Goings & Comings


Lying in the blue rocker-recliner in our Boston apartment, I can see through the window to the parking lot of the neighborhood church. Mottled snow dots the ground, not quite new from the storm a few nights ago. On the window sill to my left is a Polaroid of my mother in 1982, age twenty-nine. She is wearing a yellow night gown, with one breast spilling into my infant mouth. She leans back against the bed, her face peaceful but weary. I look up at her with enormous eyes.

It’s barely 2018, and I am thirty-five years old, with my first baby suckling. I am still at the toe-curling stage of breast-feeding, the stage no one but your older girlfriends tell you about. The baby latches, the pain is sharp and piercing. Count to ten, breathe, and it will be gone by the time you are done counting. I support him with one arm, which rests on a friend’s borrowed nursing pillow. The pillow’s main purpose is to cushion my C-section scar, which hurts when I sit up, cough, or move too quickly.

 He falls asleep, and I slip a pinky into his tiny red mouth to unlatch. I jiggle him gently, helping him to wake up ever so slightly to learn to fall back asleep without a nipple in his mouth. I hand him to my mother.

I recline the rocker further, and hold a small glass vial of lavender oil to my nose. My anxiety is like an octopus trapped in a dark closet – all arms and desperation, clingy with suction cups on slippery walls. My chest feels hollow, like there is nothing in there but air and maybe a nest of wasps. Inside my belly, where the scar is, I feel a black void.

The night I was in labor, my mother’s eldest brother Rob fell unconscious from an infection. He had a rare blood disorder that eventually turned into cancer. Knowing this years ago, all three of his siblings had been tested to see how well they matched his bone marrow. My mother was an exact match, ten out of ten, what you dream of and pray for when you have a disease like my uncle’s. My mother did everything in her physical and psychic power to produce fabulous stem cells for her brother and my uncle’s body had accepted her stem cells. But he got an infection after the transplant. The night I went into labor was his last night of consciousness. Five days after my baby was born, in the week between my baby’s birth and bris, my uncle died.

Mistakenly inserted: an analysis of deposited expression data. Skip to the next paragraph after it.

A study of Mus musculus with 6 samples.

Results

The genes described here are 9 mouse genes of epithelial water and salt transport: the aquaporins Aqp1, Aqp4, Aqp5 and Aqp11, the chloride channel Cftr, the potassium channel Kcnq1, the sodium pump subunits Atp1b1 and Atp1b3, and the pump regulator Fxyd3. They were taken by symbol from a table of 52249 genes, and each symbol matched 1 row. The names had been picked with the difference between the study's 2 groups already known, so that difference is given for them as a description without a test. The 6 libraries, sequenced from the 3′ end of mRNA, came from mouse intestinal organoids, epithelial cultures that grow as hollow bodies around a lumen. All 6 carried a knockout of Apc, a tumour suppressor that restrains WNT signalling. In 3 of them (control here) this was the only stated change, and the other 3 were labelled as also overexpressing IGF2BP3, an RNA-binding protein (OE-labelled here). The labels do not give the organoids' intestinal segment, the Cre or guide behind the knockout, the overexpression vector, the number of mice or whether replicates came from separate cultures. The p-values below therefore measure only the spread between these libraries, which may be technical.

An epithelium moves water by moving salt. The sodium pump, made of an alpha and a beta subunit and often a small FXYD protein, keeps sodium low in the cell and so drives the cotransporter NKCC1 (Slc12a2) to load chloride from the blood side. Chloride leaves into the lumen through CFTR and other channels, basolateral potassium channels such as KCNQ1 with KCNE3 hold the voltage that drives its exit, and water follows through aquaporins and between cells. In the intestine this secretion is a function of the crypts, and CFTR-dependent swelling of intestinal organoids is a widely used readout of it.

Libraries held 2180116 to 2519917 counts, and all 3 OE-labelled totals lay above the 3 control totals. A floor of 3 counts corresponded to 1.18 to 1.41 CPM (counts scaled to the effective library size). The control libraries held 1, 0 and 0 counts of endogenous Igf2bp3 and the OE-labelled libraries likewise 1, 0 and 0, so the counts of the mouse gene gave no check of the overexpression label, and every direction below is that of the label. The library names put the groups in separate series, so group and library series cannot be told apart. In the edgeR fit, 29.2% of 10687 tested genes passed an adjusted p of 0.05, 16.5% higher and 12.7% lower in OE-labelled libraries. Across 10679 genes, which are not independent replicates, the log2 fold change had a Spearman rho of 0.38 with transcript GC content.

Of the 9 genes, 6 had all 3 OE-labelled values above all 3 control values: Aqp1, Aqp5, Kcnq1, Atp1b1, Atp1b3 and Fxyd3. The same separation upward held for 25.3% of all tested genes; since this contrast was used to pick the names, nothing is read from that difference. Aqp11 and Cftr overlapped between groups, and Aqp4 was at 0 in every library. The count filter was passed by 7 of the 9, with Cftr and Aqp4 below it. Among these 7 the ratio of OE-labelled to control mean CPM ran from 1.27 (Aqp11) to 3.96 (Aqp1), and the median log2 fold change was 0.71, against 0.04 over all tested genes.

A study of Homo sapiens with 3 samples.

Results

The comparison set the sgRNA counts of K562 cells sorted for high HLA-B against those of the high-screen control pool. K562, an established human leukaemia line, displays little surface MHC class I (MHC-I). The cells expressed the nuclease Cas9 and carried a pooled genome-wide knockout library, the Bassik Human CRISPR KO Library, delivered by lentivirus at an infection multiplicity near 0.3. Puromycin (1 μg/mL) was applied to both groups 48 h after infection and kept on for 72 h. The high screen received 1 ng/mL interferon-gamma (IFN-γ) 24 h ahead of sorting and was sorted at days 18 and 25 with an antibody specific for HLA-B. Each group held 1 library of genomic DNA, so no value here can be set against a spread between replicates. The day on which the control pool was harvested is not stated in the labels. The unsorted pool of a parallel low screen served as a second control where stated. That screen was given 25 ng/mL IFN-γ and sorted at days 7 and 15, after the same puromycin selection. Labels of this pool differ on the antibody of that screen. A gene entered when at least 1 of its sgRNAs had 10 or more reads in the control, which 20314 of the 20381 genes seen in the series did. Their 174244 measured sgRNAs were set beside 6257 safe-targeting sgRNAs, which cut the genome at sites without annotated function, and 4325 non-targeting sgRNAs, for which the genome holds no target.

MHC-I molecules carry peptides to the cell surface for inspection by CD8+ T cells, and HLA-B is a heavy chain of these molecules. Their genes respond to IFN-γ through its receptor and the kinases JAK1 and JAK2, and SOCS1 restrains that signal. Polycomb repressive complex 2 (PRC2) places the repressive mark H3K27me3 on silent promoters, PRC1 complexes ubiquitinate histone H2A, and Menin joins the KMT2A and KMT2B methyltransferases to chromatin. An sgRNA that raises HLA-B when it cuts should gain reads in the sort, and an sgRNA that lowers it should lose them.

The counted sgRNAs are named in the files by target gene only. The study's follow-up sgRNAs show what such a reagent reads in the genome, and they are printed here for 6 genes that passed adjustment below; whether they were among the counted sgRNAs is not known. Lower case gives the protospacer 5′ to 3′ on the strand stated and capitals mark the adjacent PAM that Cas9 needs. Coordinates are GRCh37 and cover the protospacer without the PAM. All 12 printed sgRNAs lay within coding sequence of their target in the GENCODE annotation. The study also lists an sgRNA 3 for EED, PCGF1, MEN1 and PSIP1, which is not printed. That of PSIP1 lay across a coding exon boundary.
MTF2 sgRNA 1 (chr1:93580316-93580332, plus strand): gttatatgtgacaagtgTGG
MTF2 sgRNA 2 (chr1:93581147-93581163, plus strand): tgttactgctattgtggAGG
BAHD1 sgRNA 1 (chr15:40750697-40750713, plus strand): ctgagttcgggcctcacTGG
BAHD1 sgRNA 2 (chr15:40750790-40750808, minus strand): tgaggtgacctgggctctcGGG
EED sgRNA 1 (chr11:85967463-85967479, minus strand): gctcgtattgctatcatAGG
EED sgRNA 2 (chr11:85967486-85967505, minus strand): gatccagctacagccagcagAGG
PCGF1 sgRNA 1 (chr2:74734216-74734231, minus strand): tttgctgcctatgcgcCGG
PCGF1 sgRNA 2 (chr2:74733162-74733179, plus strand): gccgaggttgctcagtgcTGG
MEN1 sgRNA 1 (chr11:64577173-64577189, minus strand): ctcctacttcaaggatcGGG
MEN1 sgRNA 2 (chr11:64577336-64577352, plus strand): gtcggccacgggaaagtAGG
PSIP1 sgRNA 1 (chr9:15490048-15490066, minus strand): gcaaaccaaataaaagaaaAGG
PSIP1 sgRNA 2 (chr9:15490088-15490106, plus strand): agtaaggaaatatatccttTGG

Smelling my lavender, that day after my uncle died, I thought about the liturgical reading of the Torah scroll in a Jewish congregation, how each person called up for an honor stays up there one more turn, overlapping with the next congregant before sitting down. It is a dance with tricky choreography, all these people coming and going from sacred space, looking to each other for cues and direction.

It’s not a dissimilar thing in families, the business of being born and dying, often in close succession. On my father’s side, my little cousin was born three weeks after my grandmother died. On my mother’s side my uncle died, and then my son was welcomed to the community and given a name.


As a brand new mother, shepherding new life into the world, the tragic situation did not, shall we say, help the matter of my high anxiety.

There was no question of my going to Chicago for my uncle’s funeral. But of course my mother went, and my father, and my sisters – all of whom live close to me, and all of whom were on the short list of frontline support I’d been expecting in this first week postpartum. I didn’t want to feel angry and sad that they left me, but I did.

Then, the day after we came home from the hospital, the day before Rob died, my husband came into the living room and said he was coming down with the flu. The octopus in the dark closet clamored loudly, all suction and fear. I asked him to go stay at my parents’ house, to protect the baby and me. My best girlfriend came over and stewed a giant pot of rice and molasses in my kitchen, an Ayurvedic postpartum food that turned out to be all I could stomach for a week. The next day she flew to visit her family in California.

My mother-in-law, who had come to town from Israel, moved in for the week. She served me bowls of rice and molasses, refilled my pink hospital water jug, burped and held the baby, washed the dishes. Defying all folk tales, I adored her and felt she had saved my life.

But before that all happened, there I was lying in the rocker-recliner while the baby slept in my mother’s arms. I listened to the gentle ambient music my husband plays while he gives a massage. I breathed and smelled lavender like a person holding an oxygen mask. My mother held my baby. After forty-five minutes, I felt the octopus let go and sink to a peaceful rest on the floor of the dark closet. There was a soft landing pad in my solar plexus, a tiny spot of solid ground, just big enough for one foot, like when you come to a stream in the forest and find one shaky rock to step on as you cross.